It can be tempting to believe that a more complex exchange traded fund (ETF) trading strategy will naturally yield better results. While tricky, convoluted strategies have their appeal, traders often find themselves going back to basics, and for excellent reason.
The market does not always reward logic and when it does it, it may not do it in the trader’s time frame. As Cory Mitchell for Investopedia points out, the market can be wrong a lot longer than the trader can afford to be right.
Complex strategies, Mitchell says, generally start from a simple strategy that works well for the trader. But soon enough, that strategy is tweaked and re-tweaked in an attempt to make it even more profitable before, in total frustration, the trader may go back to simpler times.
Here are some reasons why it is better to keep your strategy simple:
- In the end, the price is all that truly matters. Price movements are where profits are created. A complex strategy isn’t necessarily going to augment this.
- The risk of loss is always present, even with the most complex of strategies. A complex strategy also does not equal success or earnings. A simple strategy may help you better control your losses.
- It’s common for traders to become overloaded as a strategy gets more and more complex. When it becomes too overwhelming, they’ll often find themselves stripping away the fancy strategies and going back to where they should have stayed in the first place.
- A simple strategy will be something you can stick to. Studies have shown that the more complex a strategy is, the less likely most traders are going to stick with it for the long haul.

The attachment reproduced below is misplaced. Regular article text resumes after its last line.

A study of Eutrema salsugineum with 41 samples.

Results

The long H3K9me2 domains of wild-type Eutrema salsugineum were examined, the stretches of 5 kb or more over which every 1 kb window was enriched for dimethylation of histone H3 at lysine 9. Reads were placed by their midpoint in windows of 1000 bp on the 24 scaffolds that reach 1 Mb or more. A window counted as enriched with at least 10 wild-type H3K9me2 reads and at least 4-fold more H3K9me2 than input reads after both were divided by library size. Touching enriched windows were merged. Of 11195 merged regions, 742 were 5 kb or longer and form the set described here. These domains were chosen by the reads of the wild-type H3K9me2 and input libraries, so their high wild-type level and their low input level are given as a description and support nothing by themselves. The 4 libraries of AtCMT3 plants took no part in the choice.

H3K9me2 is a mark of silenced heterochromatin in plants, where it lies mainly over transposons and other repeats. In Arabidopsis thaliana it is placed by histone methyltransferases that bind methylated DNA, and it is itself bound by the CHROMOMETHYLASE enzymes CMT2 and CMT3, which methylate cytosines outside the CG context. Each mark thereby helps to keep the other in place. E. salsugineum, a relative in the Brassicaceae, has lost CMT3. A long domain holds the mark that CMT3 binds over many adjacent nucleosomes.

Our strategy is the 200-day moving average; when a position is above the line, it’s a buy signal. When a position dips below, it’s a sell signal. By having a firm stop-loss point, you put a cap on your losses instead of riding a position to the floor in hopes that it will “come back.” [Other lessons in ETF investing.]
With enough practice, your strategy will be your emotional trump card. When the uptrend is there, a simple, sound strategy will have you in the markets. When the trend peters out, your strategy will tell you it’s time to sell.
And remember: whether your strategy is simple or complex, it will do you no good if you don’t use it. [What is your ETF strategy?]
For more stories about trend following, visit our trend following category.
The opinions and forecasts expressed herein are solely those of Tom Lydon, and may not actually come to pass. Information on this site should not be used or construed as an offer to sell, a solicitation of an offer to buy, or a recommendation for any product.